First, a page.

It’s fair to say that Pep Guardiola has always done things a little differently. From playing his full-backs as auxiliary midfielders to quitting a cushy job as Nou Camp messiah for the chance to expand his horizons abroad, the Man City boss is truly one of football’s mavericks – and it was the same during his time on the pitch.
Having brought the curtain down on his Barcelona playing career at the age of 30 (with plenty left in the tank, it should be noted: Fergie was still trying to bring him to United some four years later), the Catalan metronome enjoyed a brief spell in Italy before leaving Europe behind for one last hurrah. First, he played in Qatar – which made sense, financially at least – and then latterly, Mexico.
His decision to play in Central America was less to do with lining his pockets than it was the opportunity to learn the ropes in preparation for his coaching career (which well-known student of the game Pep had never let stray far from his mind – even when he was a young up-and-coming player).
Dorados – the modest, relegation-threatened team with which he spent one season between 2005 and 2006 – were enticing for a couple of reasons. First, and most significantly, it was that they were coached by Juan Manuel Lillo, whose name, admittedly, means less in wider football fan discourse than it does among 1997 Borussia Dortmund away kit-wearing hipsters – but bear with us.
“He already had a coach’s mentality.”
Lillo on Pep
A young Pep had been impressed with Lillo’s well-drilled, albeit lowly, teams during La Liga encounters in the 1990s, and saw his fellow countryman as the man to help kick-start his coaching endeavours (high praise indeed, given that Guardiola the player had already worked alongside the likes of Johan Cruyff, Bobby Robson, Louis van Gaal and translator Jose Mourinho at Barca).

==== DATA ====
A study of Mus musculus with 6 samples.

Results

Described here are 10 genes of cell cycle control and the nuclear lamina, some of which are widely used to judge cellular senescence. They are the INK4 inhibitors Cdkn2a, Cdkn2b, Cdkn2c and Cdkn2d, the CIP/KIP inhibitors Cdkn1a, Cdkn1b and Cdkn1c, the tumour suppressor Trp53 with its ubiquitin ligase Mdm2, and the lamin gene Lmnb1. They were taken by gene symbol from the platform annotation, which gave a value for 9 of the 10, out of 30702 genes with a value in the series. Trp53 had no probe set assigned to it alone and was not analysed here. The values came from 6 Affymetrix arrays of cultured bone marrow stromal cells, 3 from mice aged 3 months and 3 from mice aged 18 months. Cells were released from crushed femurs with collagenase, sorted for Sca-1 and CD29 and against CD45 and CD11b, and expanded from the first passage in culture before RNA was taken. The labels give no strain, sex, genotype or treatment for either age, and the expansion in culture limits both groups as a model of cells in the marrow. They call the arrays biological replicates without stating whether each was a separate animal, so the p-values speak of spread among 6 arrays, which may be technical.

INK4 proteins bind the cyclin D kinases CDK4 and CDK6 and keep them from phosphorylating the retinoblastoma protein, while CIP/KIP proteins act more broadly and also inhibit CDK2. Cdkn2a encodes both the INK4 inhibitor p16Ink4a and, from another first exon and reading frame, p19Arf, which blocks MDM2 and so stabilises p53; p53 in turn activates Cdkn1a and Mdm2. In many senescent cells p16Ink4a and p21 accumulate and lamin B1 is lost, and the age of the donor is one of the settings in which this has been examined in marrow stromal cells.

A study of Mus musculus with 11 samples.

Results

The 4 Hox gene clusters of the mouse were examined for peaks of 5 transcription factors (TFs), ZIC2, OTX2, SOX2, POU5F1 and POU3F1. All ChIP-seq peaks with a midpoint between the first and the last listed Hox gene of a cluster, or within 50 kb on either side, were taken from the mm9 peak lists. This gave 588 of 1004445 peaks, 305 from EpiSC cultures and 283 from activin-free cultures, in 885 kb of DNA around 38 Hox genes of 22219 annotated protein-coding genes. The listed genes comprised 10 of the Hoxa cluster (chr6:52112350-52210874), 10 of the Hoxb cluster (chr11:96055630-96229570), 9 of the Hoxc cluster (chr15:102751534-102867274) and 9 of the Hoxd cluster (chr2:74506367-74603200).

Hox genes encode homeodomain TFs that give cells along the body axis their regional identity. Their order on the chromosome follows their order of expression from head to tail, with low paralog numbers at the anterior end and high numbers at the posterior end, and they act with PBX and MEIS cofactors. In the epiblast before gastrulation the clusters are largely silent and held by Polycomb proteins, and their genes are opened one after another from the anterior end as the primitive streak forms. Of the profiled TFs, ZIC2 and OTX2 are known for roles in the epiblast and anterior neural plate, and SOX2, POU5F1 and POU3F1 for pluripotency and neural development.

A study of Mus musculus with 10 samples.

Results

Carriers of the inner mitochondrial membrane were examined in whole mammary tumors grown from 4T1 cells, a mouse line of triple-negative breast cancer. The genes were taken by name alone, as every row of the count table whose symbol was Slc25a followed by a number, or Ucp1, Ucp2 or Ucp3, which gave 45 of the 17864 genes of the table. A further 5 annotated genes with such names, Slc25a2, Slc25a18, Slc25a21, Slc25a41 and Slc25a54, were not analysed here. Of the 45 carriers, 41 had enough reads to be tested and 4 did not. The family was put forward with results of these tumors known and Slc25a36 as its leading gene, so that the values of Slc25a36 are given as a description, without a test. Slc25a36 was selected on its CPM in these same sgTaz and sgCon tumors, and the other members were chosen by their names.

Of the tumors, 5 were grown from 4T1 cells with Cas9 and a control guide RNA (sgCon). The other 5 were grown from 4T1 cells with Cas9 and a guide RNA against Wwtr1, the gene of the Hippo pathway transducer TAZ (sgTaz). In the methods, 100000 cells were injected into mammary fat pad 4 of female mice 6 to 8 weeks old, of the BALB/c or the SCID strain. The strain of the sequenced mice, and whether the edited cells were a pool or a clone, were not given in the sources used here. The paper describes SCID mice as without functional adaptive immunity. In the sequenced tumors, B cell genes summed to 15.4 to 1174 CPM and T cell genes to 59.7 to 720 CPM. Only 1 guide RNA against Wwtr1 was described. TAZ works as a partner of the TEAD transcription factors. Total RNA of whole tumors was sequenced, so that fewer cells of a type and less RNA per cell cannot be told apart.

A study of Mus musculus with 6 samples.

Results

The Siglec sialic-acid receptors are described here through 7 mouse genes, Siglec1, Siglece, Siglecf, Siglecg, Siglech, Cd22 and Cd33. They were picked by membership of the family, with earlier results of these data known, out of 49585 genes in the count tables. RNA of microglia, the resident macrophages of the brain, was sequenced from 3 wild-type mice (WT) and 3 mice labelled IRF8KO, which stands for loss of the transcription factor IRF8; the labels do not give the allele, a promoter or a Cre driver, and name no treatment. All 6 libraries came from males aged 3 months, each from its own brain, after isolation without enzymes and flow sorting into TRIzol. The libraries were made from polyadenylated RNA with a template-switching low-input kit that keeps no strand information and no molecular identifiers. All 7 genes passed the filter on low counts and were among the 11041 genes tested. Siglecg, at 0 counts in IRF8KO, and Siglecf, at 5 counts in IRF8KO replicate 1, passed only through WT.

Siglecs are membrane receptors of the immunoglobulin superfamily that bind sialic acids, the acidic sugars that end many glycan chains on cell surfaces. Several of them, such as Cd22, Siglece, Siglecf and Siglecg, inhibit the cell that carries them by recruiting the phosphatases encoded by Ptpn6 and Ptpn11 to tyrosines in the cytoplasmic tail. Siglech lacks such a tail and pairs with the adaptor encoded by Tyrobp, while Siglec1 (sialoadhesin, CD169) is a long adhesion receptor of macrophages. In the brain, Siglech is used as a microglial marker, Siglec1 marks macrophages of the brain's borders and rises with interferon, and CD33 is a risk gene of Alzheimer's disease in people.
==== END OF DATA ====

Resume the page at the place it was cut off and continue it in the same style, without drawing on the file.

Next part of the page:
At surface level, Lillo’s CV is not particularly impressive, apart from the distinction of managing in the top flight before his 30th birthday. Otherwise, the highlight was a spell at Almeria in 2010 (which ended, ironically, with an 8-0 defeat at the hands of his student’s all-conquering Barca side). Instead, it was his style and, importantly, ability to impose a single footballing identity across the team, that appealed to Pep.
Another factor that may have influenced Pep’s decision to plump for Mexico is, simply, the element of the unknown. By diving head first into a league with which you are completely unfamiliar (even by the standards of the Euro-centric football media, the Mexican league receives a pitiful amount of coverage) Pep challenged himself to assimilate to his new surroundings.
Scouting, and identifying the strengths and weaknesses of, opponents you’ve never seen play before – without any preconceptions – is surely a great way to test someone’s footballing nous (go ahead and try it with your friend who claims to watch the Belgium under-17s fifth division).
“I think highly of him and I’m very grateful to him, because he was very generous and passed his knowledge on to me.”
Pep on Lillo
The City manager himself has spoken fondly of his brief time at Dorados, hinting that it helped him lay the groundwork for the sort of detail-obsessed, philosophy-oriented coaching career he would later embark on. In reality, it’s impossible to measure how much truth there is to that, but what’s absolutely clear is that the long-term approach he took towards management has paid dividends.
Simply, Pep was humble enough to recognise that his name was no guarantee of success in the dug-out – something many aspiring managers would do well to remember.